The city police have ruled all motorcycles and public transportation vehicles must use the left lane or the slow lane of the capital’s main roads, in a bid to reduce traffic accidents and ease the abysmal congestion.
Traffic signs and road markers have been installed along several of the city’s busier roads, including Jl. Sudirman and Jl. Thamrin in Central Jakarta, Jl. Matraman, Jl. Perintis Kemerdekaan and Jl. D.I. Panjaitan in East Jakarta, Jl. S. Parman in West Jakarta, Jl. Yos Sudarso in North Jakarta and Jl. Ciputat Raya in South Jakarta.
“We decided to put traffic signs on the roads because traffic jams in these areas are really bad,” city traffic police chief Sr. Comr. Chondro Kirono told reporters Wednesday.
“We want to improve road users’ discipline in abiding by traffic regulations to ease the congestion.”
Chaotic traffic has long been a problem in the capital, with more than 6.7 million motorcycles packing the capital’s streets everyday.
Traffic police will also require motorcyclists to use standard helmets that fully protect their heads. Many riders currently use substandard helmets.
Police said motorcyclists were less disciplined than car drivers. In 2008, police recorded 5,898 accidents involving motorcycles, with 1,169 fatalities, 2,597 severe injuries and 4,317 minor injuries.
Jakarta Police chief Insp. Gen. Wahyono said that last year police ticketed 272,495 motorcyclists.
Wahyono also blamed public transportation drivers for the majority of traffic accidents.
“Last year, we issued 111,396 tickets to public transportation drivers.”
Police also recorded 2,076 accidents involving these drivers.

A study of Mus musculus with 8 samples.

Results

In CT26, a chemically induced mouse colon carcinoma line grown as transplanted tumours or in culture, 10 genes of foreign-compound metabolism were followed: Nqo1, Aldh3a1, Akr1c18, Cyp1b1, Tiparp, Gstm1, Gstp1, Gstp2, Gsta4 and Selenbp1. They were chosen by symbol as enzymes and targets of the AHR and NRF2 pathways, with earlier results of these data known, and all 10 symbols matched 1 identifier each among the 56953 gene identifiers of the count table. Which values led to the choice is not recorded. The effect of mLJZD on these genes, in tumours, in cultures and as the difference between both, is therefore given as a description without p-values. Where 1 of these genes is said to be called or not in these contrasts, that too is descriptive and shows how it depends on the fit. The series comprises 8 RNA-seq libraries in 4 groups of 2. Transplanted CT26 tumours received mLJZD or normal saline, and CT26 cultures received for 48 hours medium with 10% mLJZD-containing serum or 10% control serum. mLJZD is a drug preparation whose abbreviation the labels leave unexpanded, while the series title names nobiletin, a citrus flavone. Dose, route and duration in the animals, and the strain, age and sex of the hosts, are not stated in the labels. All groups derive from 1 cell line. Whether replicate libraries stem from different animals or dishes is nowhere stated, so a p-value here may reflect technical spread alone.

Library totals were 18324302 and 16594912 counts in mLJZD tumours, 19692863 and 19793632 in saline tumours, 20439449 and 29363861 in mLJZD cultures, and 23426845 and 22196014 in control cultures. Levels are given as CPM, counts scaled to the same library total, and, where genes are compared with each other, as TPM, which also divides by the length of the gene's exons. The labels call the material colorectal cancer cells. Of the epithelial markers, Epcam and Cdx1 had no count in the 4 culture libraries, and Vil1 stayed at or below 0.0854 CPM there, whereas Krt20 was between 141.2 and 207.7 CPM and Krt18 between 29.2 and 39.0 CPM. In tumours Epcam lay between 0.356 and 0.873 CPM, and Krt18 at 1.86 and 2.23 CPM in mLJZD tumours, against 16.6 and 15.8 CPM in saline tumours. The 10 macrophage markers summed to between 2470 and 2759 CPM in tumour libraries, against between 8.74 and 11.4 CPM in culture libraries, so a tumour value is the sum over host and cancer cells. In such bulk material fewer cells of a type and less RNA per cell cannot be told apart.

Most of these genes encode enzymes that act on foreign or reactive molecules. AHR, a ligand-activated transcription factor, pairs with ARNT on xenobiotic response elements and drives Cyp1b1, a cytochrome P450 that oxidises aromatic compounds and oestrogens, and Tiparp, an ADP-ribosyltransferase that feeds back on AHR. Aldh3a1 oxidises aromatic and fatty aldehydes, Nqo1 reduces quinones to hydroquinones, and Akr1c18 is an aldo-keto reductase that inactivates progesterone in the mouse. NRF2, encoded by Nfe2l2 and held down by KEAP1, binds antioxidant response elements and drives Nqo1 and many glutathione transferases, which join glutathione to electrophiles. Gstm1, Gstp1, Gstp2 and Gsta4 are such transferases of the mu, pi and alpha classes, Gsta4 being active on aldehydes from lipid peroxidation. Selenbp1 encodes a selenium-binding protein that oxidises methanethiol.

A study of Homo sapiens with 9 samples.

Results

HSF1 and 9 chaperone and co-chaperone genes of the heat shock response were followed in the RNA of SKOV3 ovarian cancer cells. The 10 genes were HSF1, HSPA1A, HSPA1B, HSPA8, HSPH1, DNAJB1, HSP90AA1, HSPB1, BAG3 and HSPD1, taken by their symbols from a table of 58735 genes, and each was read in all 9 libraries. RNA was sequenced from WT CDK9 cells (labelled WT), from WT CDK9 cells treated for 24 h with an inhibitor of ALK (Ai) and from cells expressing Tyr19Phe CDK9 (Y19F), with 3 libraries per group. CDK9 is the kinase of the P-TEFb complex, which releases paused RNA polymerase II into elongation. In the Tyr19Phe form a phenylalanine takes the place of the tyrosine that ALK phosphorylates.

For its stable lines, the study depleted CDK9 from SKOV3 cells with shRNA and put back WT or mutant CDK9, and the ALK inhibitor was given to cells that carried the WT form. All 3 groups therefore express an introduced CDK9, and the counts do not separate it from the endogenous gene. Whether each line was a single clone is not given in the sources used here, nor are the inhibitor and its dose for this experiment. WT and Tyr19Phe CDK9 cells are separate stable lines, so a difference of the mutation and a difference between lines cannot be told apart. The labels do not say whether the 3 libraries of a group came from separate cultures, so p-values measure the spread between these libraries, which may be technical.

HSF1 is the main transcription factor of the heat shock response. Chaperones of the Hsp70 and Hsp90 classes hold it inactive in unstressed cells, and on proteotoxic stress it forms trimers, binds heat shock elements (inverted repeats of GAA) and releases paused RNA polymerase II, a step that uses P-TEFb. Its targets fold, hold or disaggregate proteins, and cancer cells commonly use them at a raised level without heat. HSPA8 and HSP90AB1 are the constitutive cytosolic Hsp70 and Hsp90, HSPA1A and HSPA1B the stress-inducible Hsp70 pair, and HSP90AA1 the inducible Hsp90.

Fathoni, a resident of Plumpang in North Jakarta, welcomed the discipline campaign.
“For me, it’s not a big deal if I have to ride in the slow lane,” he said.
“I’ve been trying to do that all along, after I was stopped and ticketed a few months ago by traffic police for riding in the fast lane.”
He added he would swap his substandard helmet for a proper one.
“I do have a standard helmet at home, but I prefer to use this smaller one for practical reasons,” he said.
Another motorcyclist, Mursid, objected.
“Why should they put us in the same lane as buses? [Public transportation drivers] often drive carelessly. They drop and pick passengers anywhere they please. It’s very annoying.”
The slow lane for motorcycles is not a new concept, having long been in force on main thoroughfares like Jl. Sudirman. But in practice, many motorcyclists still ride in the fast lane and go unpunished.
City official Sutanto Soehodho said the ruling would be effective only if passengers also took part in the drive.
“Most buses pick up and drop off passengers in the middle of the street because the passengers want them to,” he said.
“The [passengers] should also be more disciplined by getting on and off at bus stops. It’s for their own safety and comfort.”